If you run a WordPress site that uses the popular Contact Form 7 plugin, there is a way you can implement goal tracking to work with Google Analytics – without hacking the plugin code. Here’s the process.
Why track goals?
Tracking the number of people who fill in your enquiry form, or request a quote, is a good way to measure return on investment. You spend a lot of time and money getting people to your site and the number of enquiries helps you quantify the value of that work. Setting up an Analytics goal gives you a wealth of data about the people who “convert”, such as which pages they looked at first, how they arrived at your site, etc.
Requirements for this process
For these steps, I am assuming you are running WordPress with Contact Form 7 installed and that you have administrative rights to your site’s Google Analytics account. You must also have the newer asynchronous version of the code installed (this version of the code includes “_gaq.push” in some lines and shows that the asynchronous setting is true). The code must be in the header of the site, so it appears before the form.
Start by navigating in the WordPress admin to the Contact tab, then open the form you want to add tracking to.
In the form, scroll to the bottom, where you see an additional settings box, and paste this code into the box.
on_sent_ok: “_gaq.push(['_trackPageview', '/enquiry-thank-you.html']);”
It will then look like this image below – however, you can change the “enquiry-thank-you.html” to anything you like. Then save the form.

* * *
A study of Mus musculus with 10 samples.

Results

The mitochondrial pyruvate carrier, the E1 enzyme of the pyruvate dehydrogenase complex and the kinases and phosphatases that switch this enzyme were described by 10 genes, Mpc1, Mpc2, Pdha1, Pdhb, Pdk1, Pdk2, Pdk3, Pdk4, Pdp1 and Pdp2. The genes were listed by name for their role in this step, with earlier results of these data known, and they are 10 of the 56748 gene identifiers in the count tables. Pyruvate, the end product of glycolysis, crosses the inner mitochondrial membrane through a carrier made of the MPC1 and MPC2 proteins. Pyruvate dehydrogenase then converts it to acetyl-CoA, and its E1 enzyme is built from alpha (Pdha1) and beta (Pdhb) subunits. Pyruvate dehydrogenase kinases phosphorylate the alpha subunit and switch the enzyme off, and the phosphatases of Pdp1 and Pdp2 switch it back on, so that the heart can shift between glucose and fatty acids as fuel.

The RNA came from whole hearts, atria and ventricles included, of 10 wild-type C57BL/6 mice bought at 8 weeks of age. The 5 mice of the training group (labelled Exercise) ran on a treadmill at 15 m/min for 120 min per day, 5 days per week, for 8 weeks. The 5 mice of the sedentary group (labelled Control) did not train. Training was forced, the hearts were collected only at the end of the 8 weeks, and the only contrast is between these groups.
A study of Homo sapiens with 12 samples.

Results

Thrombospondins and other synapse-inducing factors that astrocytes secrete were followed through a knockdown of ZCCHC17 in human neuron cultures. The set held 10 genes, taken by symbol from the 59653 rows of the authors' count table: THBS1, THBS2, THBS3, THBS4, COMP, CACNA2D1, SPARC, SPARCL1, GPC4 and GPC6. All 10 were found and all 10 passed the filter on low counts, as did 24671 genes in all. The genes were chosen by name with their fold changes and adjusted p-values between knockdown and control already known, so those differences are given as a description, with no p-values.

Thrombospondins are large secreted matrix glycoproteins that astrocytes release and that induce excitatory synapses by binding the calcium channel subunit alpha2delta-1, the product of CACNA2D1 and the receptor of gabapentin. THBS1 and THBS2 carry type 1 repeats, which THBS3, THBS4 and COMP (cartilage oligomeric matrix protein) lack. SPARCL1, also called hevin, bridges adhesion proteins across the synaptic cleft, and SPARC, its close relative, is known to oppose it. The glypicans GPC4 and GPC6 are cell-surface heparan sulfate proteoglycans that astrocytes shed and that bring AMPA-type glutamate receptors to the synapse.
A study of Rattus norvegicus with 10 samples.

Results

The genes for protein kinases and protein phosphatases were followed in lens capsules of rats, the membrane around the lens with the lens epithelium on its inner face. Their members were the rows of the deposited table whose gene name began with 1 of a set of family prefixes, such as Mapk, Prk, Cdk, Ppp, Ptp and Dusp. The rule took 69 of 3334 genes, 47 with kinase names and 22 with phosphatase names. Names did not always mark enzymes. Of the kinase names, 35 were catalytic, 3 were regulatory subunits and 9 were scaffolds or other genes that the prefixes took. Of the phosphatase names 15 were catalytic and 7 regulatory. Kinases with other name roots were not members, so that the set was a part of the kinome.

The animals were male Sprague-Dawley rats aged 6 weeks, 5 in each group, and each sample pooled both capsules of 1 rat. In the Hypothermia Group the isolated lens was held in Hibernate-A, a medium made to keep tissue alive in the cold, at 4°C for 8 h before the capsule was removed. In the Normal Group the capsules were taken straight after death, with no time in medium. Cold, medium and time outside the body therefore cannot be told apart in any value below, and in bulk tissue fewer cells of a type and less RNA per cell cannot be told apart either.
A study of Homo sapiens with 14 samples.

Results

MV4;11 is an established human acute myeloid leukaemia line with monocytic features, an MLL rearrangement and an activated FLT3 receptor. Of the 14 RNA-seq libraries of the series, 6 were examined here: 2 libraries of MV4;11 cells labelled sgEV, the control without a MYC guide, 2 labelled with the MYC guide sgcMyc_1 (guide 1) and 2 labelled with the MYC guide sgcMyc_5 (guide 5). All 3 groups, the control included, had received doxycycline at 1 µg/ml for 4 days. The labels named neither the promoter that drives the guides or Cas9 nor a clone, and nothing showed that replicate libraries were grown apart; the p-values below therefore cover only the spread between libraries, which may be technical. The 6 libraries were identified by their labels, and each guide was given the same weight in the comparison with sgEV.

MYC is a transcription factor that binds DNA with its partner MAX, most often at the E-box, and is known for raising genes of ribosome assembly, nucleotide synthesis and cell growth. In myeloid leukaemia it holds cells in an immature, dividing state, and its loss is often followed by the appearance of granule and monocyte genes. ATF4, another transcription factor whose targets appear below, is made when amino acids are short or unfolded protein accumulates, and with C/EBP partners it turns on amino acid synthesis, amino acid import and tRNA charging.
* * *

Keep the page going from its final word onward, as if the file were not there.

How the code works
When a person submits the form, this hidden piece of code sends a message to Google Analytics to count a page view for the virtual page “enquiry-thank-you.html”. With Analytics believing you have that as a page, and with the page only being viewed as a result of filling in the form, you can now link all views of that virtual page with goal conversions.
Setting up the goal in Analytics
Now you need to go to your Analytics account and navigate to the Admin section (click Admin in the top right of the main navigation bar). Click on Goals, in the middle of the screen, and create a new goal. Here, I have two goals already set up.
In the Goal URL field for the enquiry form goal you can see that I have put the same virtual URL that I used in the code for Contact Form 7 additional settings.
How to test that the virtual page works
The first thing to do is go and fill in your form to submit a test. Now, generally, you have to wait for a couple of days for Analytics to fully report on your page views and your goal conversions. However, there is a way to instantly test whether your virtual page is working.
Go to your form and fill it in. When you see the success message, leave the page as it is.
In a new browser window, go to Google Analytics, to your website profile, and click on the Home link in the left of the main navigation bar. In the left column you will see “Real Time”. Click that and then click “Overview”.
Wait a second and you should see at least one active user live on the site (you), currently viewing your virtual page. This is because you just submitted the form and still have the page open.